Red Cross responds to nearly twice as many large disasters in U.S. as a decade ago

During National Preparedness Month in September, the American Red Cross of Illinois urges everyone to prepare for worsening climate disasters and extreme weather affecting the Illinois region, which has experienced numerous tornadoes, flooding and other disasters just this year.

Severe weather like this is part of a worsening national trend in which the Red Cross has responded to nearly twice as many large disasters across the country as it did a decade ago.

As rapidly intensifying, weather-related events pose serious challenges to its humanitarian work and the people it serves, the Red Cross has announced an ambitious national plan to take urgent action. With more climate-driven disasters upending lives and devastating communities, the organization is racing to adapt its services and grow its disaster response capacity across the country, while also funding new international programs on climate response and preparedness, as well as minimizing its own environmental footprint.

Here in the Illinois region, this includes responding to disasters locally and across the country, recruiting and training more volunteers.

“As the frequency and intensity of disasters and extreme weather grow, more people need help more often,” said Mark Thomas, interim CEO for the American Red Cross Illinois region. “Yet as fast as our volunteers are working to help, the needs are escalating faster. That’s why it’s critical to not only prepare yourself for risks like storms and tornadoes in our community, but to also help families in need — both locally and in other parts of the country. Join us by becoming a volunteer or making a financial donation to support our disaster relief efforts.”

For National Preparedness Month, take three lifesaving actions — get a kit, make a plan and be informed — to help protect yourself against local emergencies. Follow safety tips now at You can also deliver relief and care to families facing climate disasters and extreme weather by becoming a Red Cross volunteer at

MOUNTING U.S. DISASTER RESPONSES In the first half of 2023 alone, the nation experienced an above-average 15 billion-dollar disasters, including the tornado outbreak and severe storms that impacted the Illinois region. That’s all on top of extreme heat which made July the country’s hottest single month on record.The Illinois Red Cross responded – opening shelters at several locations, providing assistance, serving meals and handing out supplies to residents affected by tornadoes, severe storms, floods and other disasters.

ADAPTING TO THE CLIMATE CRISIS As extreme weather disasters increase, more people need help from the Red Cross in the U.S. Nationwide, the organization is taking bold and thoughtful actions to adapt its services and grow its capacity by:

·         Enhancing large-scale disaster response services by bolstering the aid provided in emergency shelters and extending casework support to help people with the most recovery needs.

·         Expanding financial assistance to help more families with unmet needs and bridge the gap between immediate disaster relief and long-term recovery assistance.

·         Strengthening local partner networks in targeted areas that face a high risk of extreme weather and existing societal inequities with a focus on increased access to health and mental health services, nutritious food and safe housing for local families.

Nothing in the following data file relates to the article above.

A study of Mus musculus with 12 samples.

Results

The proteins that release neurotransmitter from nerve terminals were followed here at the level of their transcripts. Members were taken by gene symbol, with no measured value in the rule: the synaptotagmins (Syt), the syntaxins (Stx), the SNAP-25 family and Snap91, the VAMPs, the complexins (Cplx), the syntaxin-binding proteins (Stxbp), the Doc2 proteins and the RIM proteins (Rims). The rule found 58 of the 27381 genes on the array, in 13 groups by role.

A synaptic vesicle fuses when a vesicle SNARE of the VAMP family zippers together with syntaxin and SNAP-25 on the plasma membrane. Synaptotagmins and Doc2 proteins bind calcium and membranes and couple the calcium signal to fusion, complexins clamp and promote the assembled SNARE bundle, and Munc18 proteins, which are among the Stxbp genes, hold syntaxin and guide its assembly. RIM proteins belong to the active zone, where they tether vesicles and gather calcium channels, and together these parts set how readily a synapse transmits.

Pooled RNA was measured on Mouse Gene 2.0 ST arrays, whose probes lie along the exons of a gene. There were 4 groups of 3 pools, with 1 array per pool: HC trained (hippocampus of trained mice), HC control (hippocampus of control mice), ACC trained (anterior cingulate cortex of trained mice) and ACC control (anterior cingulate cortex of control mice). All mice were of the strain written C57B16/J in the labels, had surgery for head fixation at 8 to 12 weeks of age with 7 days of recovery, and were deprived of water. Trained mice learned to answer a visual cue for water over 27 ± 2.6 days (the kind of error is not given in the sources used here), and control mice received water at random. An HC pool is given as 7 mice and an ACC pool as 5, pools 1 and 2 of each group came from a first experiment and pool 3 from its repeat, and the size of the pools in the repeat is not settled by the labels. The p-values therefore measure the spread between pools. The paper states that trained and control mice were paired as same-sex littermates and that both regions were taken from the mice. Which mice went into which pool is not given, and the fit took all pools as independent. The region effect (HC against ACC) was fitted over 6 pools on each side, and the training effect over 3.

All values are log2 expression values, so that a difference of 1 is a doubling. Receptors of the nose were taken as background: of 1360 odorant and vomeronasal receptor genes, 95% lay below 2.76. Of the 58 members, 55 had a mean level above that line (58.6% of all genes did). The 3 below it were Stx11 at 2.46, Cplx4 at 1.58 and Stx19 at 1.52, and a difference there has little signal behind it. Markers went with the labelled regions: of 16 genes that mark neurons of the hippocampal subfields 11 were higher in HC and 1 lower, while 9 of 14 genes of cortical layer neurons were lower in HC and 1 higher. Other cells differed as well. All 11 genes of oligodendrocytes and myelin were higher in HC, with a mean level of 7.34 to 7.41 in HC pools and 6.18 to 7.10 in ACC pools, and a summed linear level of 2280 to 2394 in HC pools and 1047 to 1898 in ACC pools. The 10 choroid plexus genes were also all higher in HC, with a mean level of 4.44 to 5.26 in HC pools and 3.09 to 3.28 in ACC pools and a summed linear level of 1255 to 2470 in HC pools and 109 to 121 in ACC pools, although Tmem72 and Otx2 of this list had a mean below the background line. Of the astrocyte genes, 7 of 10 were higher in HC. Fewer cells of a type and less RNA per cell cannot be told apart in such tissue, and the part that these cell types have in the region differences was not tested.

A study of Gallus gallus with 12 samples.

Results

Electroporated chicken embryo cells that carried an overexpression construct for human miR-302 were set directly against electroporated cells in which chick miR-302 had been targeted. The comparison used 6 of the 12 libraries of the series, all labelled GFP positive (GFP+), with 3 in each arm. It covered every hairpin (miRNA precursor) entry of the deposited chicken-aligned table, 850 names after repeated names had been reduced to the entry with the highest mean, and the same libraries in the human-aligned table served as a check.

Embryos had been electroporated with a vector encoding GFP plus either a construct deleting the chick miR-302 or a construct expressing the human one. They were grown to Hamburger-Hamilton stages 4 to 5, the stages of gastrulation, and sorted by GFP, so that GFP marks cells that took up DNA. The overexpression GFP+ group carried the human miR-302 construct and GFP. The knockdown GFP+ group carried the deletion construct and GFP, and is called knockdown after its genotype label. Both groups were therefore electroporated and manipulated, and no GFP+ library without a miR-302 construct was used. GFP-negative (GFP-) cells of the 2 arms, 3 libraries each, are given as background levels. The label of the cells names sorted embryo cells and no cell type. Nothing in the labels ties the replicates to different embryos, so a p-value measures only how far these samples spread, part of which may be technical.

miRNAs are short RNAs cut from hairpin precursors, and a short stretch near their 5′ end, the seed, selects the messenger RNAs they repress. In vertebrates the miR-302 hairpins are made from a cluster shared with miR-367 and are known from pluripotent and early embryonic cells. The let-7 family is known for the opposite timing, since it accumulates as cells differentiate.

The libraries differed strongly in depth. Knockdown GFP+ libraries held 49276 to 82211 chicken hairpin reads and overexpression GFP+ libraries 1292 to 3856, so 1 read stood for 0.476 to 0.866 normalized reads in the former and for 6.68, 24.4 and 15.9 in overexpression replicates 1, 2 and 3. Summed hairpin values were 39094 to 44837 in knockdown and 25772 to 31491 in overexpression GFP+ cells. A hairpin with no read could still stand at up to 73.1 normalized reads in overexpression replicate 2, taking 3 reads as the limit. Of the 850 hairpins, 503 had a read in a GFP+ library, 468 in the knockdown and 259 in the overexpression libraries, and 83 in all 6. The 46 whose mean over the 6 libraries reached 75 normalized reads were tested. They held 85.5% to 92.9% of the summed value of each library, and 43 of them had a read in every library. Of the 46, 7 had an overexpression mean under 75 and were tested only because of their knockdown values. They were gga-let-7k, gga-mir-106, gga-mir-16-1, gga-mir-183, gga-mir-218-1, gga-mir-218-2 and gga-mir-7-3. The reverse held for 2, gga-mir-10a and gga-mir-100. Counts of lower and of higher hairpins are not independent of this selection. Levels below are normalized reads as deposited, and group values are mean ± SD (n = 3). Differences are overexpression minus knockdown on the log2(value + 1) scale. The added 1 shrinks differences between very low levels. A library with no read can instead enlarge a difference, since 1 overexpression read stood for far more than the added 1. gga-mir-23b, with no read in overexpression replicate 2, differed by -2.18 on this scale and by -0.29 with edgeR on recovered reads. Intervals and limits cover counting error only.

·         Growing its disaster workforce — comprised of 90% trained volunteers — to deepen its disaster readiness. This includes fortifying the critical infrastructure and technology that enables 24/7 response to disasters across the country.

SUPPORT OUR DISASTER RELIEF WORK Help people affected by disasters big and small, including climate-driven crises, by making a gift to American Red Cross Disaster Relief. Your gift enables the Red Cross to prepare for, respond to and help people recover from disasters in the U.S. Visit or call 800-RED CROSS.

CLIMATE AND WEATHER IMPACTS TO THE NATIONAL BLOOD SUPPLY The Red Cross has seen a significant shortfall in blood and platelet donations over the last month, making it hard to keep pace with the need for blood products. Blood and platelet donations that go uncollected due to climate-related events, such as hurricanes, wildfires and extreme heat, can put further strain on the national blood supply. As extreme weather events are worsening, the Red Cross is seeing that translate into more blood drive cancellations. In 2022, over 1,300 blood drives were canceled due to weather  —  about 23% higher than the average of the prior nine years.

In thanks for helping ensure the nation’s blood supply is prepared for all emergencies, from disasters to medical emergencies, all who come to give blood, platelets or plasma Sept. 1-18 will receive a limited-edition Red Cross T-shirt, while supplies last. Those who come to give throughout September will also receive a coupon for a free haircut by email, thanks to Sport Clips Haircuts. Details are available at Donors can schedule an appointment to donate using the Red Cross Blood Donor App, by visiting or by calling 800-RED CROSS (800-733-2767). If you are unable to give blood you can volunteer to support blood collections. Visit to learn more.

About the American Red Cross:

The American Red Cross shelters, feeds and provides comfort to victims of disasters; supplies about 40% of the nation’s blood; teaches skills that save lives; distributes international humanitarian aid; and supports veterans, military members and their families. The Red Cross is a nonprofit organization that depends on volunteers and the generosity of the American public to deliver its mission. For more information, please visit or, or visit us on Twitter at @RedCross.